Tallest Hotel in America Opens in New York City

PHOTO: The tallest hotel in the U.S., a duel-branded Marriott hotel, officially opened Jan. 7, 2014.

The hotel being touted as the tallest hotel in North America is open for business in New York City.

The property, located near Times Square at 1717 Broadway, is really two hotels in one: Floors 6-33 are a Courtyard by Marriott and floors 37-65 are a Residence Inn by Marriott. The 68-story building has 639 rooms in all and stands 760 feet tall.

The decision to divide the space between the two brands was a strategic one. "They are two distinct products that appeal to two different kinds of stays," said Arne Sorenson, president and CEO of Marriott International at a press conference.

Floors that aren't occupied by guest rooms are shared spaces -- a fitness center on the 35th floor, a cafe on the 4th, and meeting and event spaces.

PHOTO: The 4th-floor bistro is a Courtyard by Marriott staple, but is used by both properties at this duel-branded hotel.
Courtesy Marriott
PHOTO: The 4th-floor bistro is a Courtyard by Marriott staple, but is used by both properties at this duel-branded hotel.

Rooms at the Courtyard by Marriott will cost $300 per night and up and prices at the all-suite Residence Inn will be $350 and up. Both are higher price points than the brands' other hotels around the city. The decision to charge more is due to the enviable location near both Times Square and Central Park, said Harry Gross, president and CEO of G Holdings, the real estate development company behind the project.

"It's an A+ location," said Sorenson. Located on the corner of 54th and Broadway, many rooms have at least partial views of Central Park.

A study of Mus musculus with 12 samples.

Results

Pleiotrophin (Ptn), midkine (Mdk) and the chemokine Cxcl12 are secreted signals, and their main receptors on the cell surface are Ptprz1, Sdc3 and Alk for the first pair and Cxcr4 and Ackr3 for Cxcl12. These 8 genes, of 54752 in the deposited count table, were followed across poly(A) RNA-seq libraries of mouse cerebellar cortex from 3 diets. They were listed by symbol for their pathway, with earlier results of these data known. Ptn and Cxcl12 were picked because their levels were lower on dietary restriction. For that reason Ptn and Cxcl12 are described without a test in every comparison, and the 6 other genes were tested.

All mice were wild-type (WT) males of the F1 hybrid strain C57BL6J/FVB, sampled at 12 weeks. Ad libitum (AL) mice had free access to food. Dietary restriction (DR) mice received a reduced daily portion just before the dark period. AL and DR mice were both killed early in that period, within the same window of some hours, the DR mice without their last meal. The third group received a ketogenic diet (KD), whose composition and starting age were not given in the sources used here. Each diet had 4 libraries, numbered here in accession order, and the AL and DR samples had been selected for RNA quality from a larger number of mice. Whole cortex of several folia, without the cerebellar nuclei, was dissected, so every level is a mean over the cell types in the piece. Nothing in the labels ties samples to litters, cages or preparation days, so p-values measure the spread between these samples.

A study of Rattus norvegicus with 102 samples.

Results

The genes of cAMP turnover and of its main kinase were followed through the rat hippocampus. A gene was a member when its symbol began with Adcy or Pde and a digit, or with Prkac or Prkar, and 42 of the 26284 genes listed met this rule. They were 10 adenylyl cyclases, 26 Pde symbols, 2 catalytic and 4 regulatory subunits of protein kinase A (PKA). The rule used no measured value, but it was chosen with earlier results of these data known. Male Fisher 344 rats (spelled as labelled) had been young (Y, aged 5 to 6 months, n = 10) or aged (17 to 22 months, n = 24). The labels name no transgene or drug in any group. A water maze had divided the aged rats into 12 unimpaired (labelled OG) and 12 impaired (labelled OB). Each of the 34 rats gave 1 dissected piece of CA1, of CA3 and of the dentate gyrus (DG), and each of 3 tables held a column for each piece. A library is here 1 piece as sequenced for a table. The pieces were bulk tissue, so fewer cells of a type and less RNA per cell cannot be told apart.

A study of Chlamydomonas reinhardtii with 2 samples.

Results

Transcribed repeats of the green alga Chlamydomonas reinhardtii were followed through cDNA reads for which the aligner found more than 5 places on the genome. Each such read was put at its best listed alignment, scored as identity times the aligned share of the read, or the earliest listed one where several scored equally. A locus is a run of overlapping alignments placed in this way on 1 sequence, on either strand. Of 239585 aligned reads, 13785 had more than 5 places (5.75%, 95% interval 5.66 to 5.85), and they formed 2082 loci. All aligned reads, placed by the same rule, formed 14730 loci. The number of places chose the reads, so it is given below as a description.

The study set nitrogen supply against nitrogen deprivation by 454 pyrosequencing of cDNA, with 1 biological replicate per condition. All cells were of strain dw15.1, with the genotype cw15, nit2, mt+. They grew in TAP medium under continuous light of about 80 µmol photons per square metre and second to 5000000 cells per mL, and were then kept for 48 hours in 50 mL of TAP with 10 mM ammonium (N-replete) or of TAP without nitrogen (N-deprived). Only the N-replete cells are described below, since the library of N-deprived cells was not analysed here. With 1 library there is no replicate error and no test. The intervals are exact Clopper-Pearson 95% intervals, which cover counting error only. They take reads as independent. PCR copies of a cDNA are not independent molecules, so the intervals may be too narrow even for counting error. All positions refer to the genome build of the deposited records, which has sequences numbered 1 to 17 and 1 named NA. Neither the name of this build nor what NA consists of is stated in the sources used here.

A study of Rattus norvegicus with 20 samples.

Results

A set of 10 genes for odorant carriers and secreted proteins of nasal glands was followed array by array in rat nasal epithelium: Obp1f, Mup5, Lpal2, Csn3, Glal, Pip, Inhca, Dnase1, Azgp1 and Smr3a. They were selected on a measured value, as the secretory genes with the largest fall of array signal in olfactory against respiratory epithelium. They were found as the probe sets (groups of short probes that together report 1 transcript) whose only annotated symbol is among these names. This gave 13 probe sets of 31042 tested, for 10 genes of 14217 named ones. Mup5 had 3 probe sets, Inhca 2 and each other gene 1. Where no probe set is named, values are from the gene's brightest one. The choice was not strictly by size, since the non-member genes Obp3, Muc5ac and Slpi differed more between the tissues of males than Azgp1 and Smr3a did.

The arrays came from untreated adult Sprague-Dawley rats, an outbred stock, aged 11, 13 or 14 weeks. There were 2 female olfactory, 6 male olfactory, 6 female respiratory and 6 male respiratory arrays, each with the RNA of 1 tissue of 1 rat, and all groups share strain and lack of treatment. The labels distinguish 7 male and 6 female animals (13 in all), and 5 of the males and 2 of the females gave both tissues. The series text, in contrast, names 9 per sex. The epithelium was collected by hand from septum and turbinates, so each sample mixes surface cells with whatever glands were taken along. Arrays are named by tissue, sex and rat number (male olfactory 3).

But being the tallest single-use hotel in the nation wasn't the intention. "It didn't occur to us until after we finished," said Gross. "The height was the maximum the square footage could support."

Though Courtyard and Residence Inn are both big-name brands, there are subtle differences that make this particular property stand out from others bearing the same name. Most significantly is the work of renowned abstract expressionist artist-in-residence William DeBilzan who brings "humanity and warmth" to the hotels, said Gross. He added that while the artist-in-residence program is a trial, it might be adopted in other properties. "Let's see if it catches on," he said.

PHOTO: The work of renowned abstract expressionist artist-in-residence William DeBilzan brings humanity and warmth to the hotels.
Courtesy Marriott
PHOTO: The work of renowned abstract expressionist artist-in-residence William DeBilzan brings "humanity and warmth" to the hotels.

That's not the only thing the new hotel(s) is testing out. The decision to have the shared fitness center with floor-to-ceiling windows on the prime 35th floor, rather than relegated to a lower floor, is a new idea. And with it comes a personal trainer on staff, at least for the time being. Jim McCabe, area director of Sales and Marketing for Marriott, said having a trainer is a test trial and unusual to see in these hotel brands.

PHOTO: The fitness center on the 35th floor is shared by both brands and has floor-to-ceiling windows.
Courtesy Marriott
PHOTO: The fitness center on the 35th floor is shared by both brands and has floor-to-ceiling windows.

Another new addition Courtyard brand loyalists will no doubt notice: Keurig coffee makers, something McCabe called "an upgrade."